Amid all the speculation surrounding Roberto Luongo that’s starting to snowball, and will continue to do so in the coming weeks, it seems as though one of the most overlooked parts of it all is the fact that he will have to waive his no-trade clause to where he wants to go.
Luongo stirred up the hockey world quite a bit yesterday by announcing that he would indeed allow the Canucks to trade him if that’s what their plan is. But he’s under no pressure to take a less-than-good situation at this point, and to think he’ll just go anywhere to help the Canucks out is false.
One club in desperate (and I mean, really desperate) need of a goaltender is the Tampa Bay Lightning. Others that would like to address their own situation between the pipes would of course be the Leafs, Blue Jackets, Devils, and thenÂ perhaps a couple others who willÂ want to kick tires. I have doubts that the Jackets will be a situation Luongo wants to go in to, and the Devils are in a tough spot financially, with no real direction plotted out it seems.
I’m not sure if New Jersey would (or can) be serious about RobertoÂ Luongo. With money trouble, Zach Parise to deal with, and the idea of replacing a retiring goaltender with another who will retire in only a few years, it doesn’t add up. For the Devils, looking to add a younger goaltender and long-term solution is probably the route to go. Cheaper, too.
So if we, for the most part,Â boil it down to the Lightning and Leafs (and keep in mind, this is obviously speculation at this point), what edge would Toronto have in luring “Lu” to play hockey there?
Now, I know there is a large section of Leafs supporters who believe targeting Luongo would be a huge mistake. But if continuing to lose for the next few years is your thing, keep clinging to that.
Burke should absolutely be in on RobertoÂ Luongo, considering his numbers suggest he can bring this team in to the playoffs before we die of old age. As far as consistency goes, this guy hasn’t posted lower than a .913 sv% since 2000. Whether the Leafs‘ management can successfully bring him in to the fold is another story, and I’ll admit I have my doubts.
Luongo will look at a few things in determining where he wants to play next.
Market, team competitiveness, his place in the lineup, and I’m sure other personal reasons will all play in to his decisions. Another, perhaps overlooked, factor in this whole thing is whether his new team spends to the cap. As his contract runs on, a team like the Leafs (and this is a plus for the team, obviously) can bury him in the minors to shed his cap number, creating somewhat of a Redden situation. For a non-cap team, the possibility of this happening is reduced. It’s unlikely the Lightning, or a team like that, would see themselves in a situation where they need to rid themselves of his cap number to fit in other pieces. He could see this as a plus.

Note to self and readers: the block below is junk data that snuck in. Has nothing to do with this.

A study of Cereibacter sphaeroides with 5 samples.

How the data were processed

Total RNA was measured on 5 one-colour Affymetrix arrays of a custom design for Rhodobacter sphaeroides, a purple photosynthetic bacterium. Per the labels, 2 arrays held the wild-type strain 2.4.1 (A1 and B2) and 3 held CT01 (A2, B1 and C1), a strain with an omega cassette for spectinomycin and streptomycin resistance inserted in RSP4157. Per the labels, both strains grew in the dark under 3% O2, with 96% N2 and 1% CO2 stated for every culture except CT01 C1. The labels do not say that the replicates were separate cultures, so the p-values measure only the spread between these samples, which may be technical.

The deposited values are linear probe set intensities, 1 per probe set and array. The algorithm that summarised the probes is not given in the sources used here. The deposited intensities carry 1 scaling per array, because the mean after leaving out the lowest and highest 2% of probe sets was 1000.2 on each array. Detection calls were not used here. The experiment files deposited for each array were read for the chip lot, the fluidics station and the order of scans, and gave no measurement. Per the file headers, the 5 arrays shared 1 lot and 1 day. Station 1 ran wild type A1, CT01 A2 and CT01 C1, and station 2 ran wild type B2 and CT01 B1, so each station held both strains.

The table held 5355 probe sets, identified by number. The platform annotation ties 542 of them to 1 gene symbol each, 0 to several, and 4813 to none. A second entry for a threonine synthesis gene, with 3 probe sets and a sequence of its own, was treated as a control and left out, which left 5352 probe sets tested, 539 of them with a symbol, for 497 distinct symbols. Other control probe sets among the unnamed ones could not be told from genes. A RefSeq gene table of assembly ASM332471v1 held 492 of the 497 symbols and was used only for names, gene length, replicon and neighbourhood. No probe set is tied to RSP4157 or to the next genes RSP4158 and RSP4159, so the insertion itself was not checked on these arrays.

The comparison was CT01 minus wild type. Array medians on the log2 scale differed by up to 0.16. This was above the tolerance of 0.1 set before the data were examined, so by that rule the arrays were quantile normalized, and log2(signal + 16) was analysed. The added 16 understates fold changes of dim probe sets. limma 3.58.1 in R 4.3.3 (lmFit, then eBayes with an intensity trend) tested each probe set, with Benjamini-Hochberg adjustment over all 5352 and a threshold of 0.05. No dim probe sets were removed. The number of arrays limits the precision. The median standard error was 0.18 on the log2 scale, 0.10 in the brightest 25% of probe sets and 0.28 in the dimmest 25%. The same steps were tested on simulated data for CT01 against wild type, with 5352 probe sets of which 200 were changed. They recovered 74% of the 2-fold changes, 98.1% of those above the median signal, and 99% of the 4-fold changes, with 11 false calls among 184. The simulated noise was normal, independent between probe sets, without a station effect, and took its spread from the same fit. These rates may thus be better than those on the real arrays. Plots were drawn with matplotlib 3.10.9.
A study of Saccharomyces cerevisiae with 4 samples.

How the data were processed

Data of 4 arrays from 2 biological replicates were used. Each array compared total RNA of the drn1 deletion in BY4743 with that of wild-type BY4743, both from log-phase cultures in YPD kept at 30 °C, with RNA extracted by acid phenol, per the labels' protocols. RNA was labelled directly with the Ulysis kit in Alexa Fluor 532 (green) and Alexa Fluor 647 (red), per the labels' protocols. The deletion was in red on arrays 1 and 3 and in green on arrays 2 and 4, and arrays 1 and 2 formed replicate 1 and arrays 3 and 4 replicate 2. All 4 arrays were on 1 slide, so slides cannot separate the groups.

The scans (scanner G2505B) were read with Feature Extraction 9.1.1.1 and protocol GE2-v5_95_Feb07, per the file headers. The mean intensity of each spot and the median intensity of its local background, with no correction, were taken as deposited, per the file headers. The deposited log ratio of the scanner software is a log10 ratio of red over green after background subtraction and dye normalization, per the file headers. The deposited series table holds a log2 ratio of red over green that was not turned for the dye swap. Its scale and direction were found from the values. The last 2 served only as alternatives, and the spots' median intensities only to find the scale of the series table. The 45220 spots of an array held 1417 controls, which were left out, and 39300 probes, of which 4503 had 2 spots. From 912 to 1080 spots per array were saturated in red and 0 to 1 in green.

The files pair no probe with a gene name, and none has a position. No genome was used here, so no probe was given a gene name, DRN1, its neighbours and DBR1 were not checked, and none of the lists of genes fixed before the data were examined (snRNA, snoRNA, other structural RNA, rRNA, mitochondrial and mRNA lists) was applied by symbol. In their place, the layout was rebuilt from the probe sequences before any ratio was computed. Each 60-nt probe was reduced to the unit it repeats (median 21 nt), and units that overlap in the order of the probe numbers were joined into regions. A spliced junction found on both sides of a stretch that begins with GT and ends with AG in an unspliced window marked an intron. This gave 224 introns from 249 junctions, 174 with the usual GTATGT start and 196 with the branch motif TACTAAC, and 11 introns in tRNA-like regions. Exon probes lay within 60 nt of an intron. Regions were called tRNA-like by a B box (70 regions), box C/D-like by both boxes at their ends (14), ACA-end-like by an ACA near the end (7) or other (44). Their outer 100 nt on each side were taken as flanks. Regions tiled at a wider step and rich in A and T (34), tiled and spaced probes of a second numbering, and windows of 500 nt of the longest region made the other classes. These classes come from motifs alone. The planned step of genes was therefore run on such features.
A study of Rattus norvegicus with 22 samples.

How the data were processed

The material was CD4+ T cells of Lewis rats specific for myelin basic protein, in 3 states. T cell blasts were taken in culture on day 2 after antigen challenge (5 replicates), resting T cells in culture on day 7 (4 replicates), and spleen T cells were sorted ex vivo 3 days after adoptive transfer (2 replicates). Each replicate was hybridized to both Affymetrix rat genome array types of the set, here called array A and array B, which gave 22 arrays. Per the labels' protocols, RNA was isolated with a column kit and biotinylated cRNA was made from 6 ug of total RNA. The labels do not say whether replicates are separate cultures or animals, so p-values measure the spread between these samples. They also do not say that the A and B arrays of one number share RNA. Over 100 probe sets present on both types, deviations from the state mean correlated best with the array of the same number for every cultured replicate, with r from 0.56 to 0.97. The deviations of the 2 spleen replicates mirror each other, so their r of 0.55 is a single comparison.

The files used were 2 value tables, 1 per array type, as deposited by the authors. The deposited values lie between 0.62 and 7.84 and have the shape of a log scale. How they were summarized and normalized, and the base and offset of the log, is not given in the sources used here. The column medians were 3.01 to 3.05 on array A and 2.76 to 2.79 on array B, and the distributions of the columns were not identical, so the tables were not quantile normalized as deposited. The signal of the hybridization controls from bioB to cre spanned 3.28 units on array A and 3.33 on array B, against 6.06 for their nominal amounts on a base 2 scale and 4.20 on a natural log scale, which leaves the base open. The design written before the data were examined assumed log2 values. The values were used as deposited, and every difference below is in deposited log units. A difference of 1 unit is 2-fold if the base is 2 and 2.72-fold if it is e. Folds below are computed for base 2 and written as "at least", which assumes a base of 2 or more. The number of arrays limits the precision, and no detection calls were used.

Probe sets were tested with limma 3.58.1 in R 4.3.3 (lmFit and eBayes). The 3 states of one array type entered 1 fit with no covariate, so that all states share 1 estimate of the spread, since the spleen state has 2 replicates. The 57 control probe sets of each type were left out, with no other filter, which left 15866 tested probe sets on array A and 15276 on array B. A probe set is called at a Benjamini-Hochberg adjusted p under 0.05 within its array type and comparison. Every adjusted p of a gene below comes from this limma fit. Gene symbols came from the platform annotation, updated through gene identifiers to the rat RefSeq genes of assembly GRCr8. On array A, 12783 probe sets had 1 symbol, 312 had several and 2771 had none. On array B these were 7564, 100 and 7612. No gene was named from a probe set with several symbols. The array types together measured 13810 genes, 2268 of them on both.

Currently the Lightning aren’t too far behind the Leafs in terms of cap space used, but the Leafs should always be a cap team, Tampa Bay not so much. With Roloson’s 3.5 million off the books this summer, and with St. Louis three seasons away from an expiring contract, they aren’t in rough shape. Where they are in rough shape is between the pipes. Somehow they’re inÂ a worse goaltender situationÂ than the Leafs. How this is even possible is beyond me.
Anyway, I doubt most Lightning fans are already looking at three or four years down the road to bury Luongo’s salary like us Leafs fans are. The Leafs, like the Rangers, can do that kind of thing and not give a damn about it.
Then there’s the media. I don’t want to spend many words on this, but it is something to be considered. A lot of times RobertoÂ Luongo became a big story in Canada during his time with the Canucks. And he’s looked frustrated with it on more than occasion. Perhaps he’s due for a break, and Toronto isn’t the place to go for that.
Some have pointed out that the Nonis connection with the Leafs is a plus in terms of theÂ team’s chances of acquiring Luongo. This is fair, and I’m not going to downplay it by any means.
How all of these things shift in to place for Luongo will obviously determine where he ends up. To say Toronto is a desirable destination for him to play is obviously debatable, but to say that it’s impossible he ends up there isn’t accurate either, I don’t think.
The team isn’t competitive, but Luongo can make them competitive. Toronto probably isn’t the best situation for him, but it isn’t terrible either.
It seems as though everyone has to pick a side on whether there’s a chance Luongo is in blue and white next season. A lot of media and bloggers will say “Sorry, this won’t happen. Simple.” Well actually it isn’t that simple. And it could happen – there are just a lot of things to consider.
I can’t pick a side. I just want the Leafs to get him and their goaltending to not be hilarious next season.